Forest Department officials have denied allegations of negligence.

Three police officials look down at the carcass of a tiger which was killed in Tamil Nadus Annamalai ReserveTiger killed in Annamalai Reserve
news Wildlife Monday, December 14, 2020 - 19:21

A study conducted by the United Conservation Movement (UCM), an environmental protection group, has revealed that at least four tigers and 20 elephants in Tamil Nadu have been killed in 2020, allegedly by locals who were attempting to prevent the animals from entering their property. The group alleges that all four tigers were poisoned while the elephants were killed either by poisoning or with fruit bombs, where explosives are placed inside fruits.

According to the environmental group, these deaths occurred on the following dates. On April 8, two tigers were poisoned in Annamalai Tiger Reserve. Two people were arrested after the National Tiger Conservation Authority (NTCA) intervened. On April 13, a tiger found dead in a virtually dry stream in Avarallah beat, Masinagudi range, Mudumalai Tiger Reserve.

On September 9, five wild dogs were poisoned in Singara range, Masinagudi, Mudumalai Tiger Reserve. And on November 20, a tigress poisoned in Singara range, Masinagudi, Mudumalai Tiger Reserve. Two cubs were rescued and are being nurtured in the Vandalur zoo, Chennai.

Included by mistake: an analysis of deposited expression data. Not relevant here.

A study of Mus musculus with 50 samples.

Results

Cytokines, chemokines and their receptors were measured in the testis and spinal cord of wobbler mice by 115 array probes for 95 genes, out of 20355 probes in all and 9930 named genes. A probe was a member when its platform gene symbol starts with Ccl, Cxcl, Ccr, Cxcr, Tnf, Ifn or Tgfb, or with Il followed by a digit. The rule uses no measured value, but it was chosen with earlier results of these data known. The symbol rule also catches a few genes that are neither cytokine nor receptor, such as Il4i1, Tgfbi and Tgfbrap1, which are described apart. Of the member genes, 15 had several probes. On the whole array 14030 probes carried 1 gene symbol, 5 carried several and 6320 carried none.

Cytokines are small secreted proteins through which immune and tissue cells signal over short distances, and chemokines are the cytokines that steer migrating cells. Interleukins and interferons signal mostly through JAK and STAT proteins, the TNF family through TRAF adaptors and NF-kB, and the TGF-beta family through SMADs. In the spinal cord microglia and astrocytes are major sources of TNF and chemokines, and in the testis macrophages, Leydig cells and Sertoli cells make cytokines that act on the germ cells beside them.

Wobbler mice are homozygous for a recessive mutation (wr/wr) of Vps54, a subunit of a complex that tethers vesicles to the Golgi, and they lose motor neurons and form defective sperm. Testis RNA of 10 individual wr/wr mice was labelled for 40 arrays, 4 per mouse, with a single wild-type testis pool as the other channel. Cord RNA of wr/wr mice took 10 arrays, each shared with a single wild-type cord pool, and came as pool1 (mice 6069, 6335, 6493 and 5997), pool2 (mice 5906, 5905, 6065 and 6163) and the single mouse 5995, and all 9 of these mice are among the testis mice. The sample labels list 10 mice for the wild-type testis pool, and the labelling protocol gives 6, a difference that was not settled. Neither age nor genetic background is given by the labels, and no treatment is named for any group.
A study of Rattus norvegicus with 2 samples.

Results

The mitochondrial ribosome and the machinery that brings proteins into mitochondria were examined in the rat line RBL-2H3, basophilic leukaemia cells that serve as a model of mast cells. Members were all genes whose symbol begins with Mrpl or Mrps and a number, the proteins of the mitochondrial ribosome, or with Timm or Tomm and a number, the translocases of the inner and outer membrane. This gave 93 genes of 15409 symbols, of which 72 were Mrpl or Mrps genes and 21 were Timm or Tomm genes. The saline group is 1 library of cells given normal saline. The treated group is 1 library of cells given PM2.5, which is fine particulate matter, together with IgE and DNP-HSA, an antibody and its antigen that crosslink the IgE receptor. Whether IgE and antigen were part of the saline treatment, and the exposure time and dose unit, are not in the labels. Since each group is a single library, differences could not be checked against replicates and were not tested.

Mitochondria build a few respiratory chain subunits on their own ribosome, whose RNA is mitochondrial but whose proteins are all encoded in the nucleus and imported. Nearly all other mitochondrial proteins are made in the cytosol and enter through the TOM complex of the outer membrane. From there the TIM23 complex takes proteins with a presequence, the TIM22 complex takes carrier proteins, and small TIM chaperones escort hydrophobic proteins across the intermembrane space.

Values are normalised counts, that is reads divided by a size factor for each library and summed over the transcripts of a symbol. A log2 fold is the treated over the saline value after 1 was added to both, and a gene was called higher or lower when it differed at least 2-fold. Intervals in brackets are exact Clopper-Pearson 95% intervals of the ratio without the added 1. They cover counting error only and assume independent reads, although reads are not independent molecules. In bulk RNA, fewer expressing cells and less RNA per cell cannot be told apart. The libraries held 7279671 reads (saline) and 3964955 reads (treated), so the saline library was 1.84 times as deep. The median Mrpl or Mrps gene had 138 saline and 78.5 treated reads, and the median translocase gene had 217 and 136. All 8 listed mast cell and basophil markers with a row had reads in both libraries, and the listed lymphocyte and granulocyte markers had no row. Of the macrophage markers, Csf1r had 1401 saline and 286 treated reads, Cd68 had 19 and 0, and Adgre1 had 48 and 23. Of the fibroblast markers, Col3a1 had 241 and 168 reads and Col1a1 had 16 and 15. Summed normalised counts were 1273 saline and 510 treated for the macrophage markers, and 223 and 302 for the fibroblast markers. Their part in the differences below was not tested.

Speaking to TNM, Vijaykrishna Raj who handles Tamil Nadu operation of UCM, says the deaths of the tigers and dholes – a deer also known as wild dog – were tracked on a case-to-case basis by the organisation and that they could have been prevented if the forest department was alert.

“On September 9, five wild dogs were found dead in Singara range, Masinagudi. Forensic reports reveal the dholes had been poisoned. Organophosphorus was found in the viscera of all five dholes. They were actually aiming to kill a tiger. This should have prompted the deputy director of Mudumalai Tiger Reserve, Srikanth, to improve the protection mechanism,” he says. “He should have been all the more alert as people from the tribal community were bent on getting rid of Tiger 23 (identification number for the tiger) which had killed a woman on August 31, 2020. Callousness led to the death of a tigress on November 20. Again the forensic experts found traces of organophosphorus in its viscera, indicating the tigress, which had cubs, had been deliberately poisoned," he adds.

Organophosphorus (forit/furidon), a pesticide for plants which is also allegedly used to poison animals. The poison is sprayed on the carcass of a deer and left for the animals to eat.

When TNM contacted Deputy Director of the Mudumalai Tiger Reserve, Srikanth, he dismissed the allegations. "We got the autopsy report three days back and an investigation is underway into the death of the tiger. We could not have predicted that such a crime would occur. This is man-animal conflict and we are constantly warning residents around the reserve," he says. "As for the death of the tiger in April, that was not due to poisoning," he clarifies.

According to 2018 figures, there are 264 tigers in Tamil Nadu of which 103 are in the Mudumalai Tiger Reserve.